In my series on economics I'm trying to really nail down the counterintuitive point that in a free market, prices tend downwards towards the cost, not upwards to the value. Even in oddball edge cases, like novelists or NBA players, physical bottlenecks just cause the cost (often externalized) to rise towards the price: So the price of any commodity always tends to be a function of its cost, not its value.
The incredible differences in wealth we see in any elitist society, whether it be the Capitalist societies of the West or the (revisionist) Communist societies of the East, are not because the elites produce more value. Even if they did produce tremendous value, that still would not entail that they receive a price commensurate with the value.
A related myth is that differences in individual skill or character are the cause of vast differences in wealth. This myth is even held by some Communists, who see the eradication of any difference in material wealth due to skill as the key point for creating a classless society. In a free market, differences in price due to differences in skill is not the difference between the most skilled and the least skilled, but rather the difference between the most skilled and the second or third most skilled (i.e. the most skilled who do not produce the commodity, i.e. the opportunity-adjusted cost). In other words, the economic consequences of inherent skill differentials are relatively small. Furthermore, as society becomes more specialized, people will tend to gravitate to the fields for which they have the most skill; most people will be performing the occupations for which they are relatively the most skilled.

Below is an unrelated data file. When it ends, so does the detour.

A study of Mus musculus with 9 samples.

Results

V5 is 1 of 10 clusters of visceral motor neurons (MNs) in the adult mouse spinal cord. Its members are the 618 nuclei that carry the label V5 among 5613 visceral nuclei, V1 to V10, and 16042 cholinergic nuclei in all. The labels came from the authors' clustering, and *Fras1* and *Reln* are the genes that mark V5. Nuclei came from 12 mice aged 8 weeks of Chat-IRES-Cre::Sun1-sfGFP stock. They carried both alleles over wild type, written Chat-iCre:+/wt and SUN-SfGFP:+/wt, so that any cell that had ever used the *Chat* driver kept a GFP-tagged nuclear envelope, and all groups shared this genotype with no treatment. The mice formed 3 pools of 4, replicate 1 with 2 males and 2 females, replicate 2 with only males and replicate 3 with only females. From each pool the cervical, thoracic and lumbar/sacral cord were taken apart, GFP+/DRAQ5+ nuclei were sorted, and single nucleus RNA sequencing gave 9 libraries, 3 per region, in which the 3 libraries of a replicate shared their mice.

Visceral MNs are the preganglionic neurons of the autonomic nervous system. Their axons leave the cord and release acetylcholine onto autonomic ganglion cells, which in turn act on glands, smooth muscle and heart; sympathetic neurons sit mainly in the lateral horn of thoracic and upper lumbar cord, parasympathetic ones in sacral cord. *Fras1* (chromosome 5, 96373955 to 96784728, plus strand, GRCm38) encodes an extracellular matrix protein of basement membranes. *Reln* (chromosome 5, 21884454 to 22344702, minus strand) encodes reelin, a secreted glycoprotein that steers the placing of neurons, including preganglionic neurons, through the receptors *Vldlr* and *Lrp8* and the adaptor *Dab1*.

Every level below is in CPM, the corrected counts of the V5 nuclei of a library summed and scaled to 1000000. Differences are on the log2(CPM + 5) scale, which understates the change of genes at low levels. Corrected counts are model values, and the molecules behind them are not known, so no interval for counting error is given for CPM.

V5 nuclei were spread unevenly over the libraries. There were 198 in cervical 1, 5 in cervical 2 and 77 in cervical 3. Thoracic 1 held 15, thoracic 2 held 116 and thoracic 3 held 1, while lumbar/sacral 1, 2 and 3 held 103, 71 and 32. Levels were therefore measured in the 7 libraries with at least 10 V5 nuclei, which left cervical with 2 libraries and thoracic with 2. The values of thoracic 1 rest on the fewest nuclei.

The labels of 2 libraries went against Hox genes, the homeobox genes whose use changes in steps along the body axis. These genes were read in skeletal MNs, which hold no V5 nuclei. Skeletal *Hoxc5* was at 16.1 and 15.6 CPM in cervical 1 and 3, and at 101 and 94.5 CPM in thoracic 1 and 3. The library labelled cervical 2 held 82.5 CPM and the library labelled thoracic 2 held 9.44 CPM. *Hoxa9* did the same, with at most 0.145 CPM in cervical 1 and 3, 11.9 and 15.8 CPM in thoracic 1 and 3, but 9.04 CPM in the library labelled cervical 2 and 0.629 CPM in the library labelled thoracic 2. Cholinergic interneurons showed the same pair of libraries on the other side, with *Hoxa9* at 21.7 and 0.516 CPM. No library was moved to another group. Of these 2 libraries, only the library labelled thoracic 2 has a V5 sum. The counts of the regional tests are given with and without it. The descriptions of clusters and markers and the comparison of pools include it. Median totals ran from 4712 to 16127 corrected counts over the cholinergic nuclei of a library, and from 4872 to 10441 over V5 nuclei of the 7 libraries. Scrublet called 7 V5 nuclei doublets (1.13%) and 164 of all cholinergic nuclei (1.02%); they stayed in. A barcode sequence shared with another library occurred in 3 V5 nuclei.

In a truly free market, excess value always accrues to the common good, not the purely individual good. A truly free market tends towards communism.
The vast differences in wealth are always due to pure social constructions that at best amplify differences in skill by many orders of magnitude or at worst create vast differences based on non-economically-related qualities (usually birth* and/or religious/ideological conformity).
*Is skill inherited? Compare and contrast Conrad and Paris Hilton. I rest my case.
We ourselves, as sapient beings, create pure social constructions; they are not imposed upon us by objective reality. In ecology — economics with only the most basic, limited social constructions — we see no vast differences in wealth at all. An apex predator, relatively speaking, lives just as close to the edge of starvation as the animals and plants at the bottom of the food chain.
The biological facts of human psychology form the only objective constraints on our pure social constructions, but we already know that human biological psychology is extremely labile. We can and do learn to think mostly not as our brains compel us to think but as we're taught to think.
We are not constrained in our economic arrangements by our brains. We are not constrained by our history. We are constrained only by our own illusions, our own gullibility, and our own fear.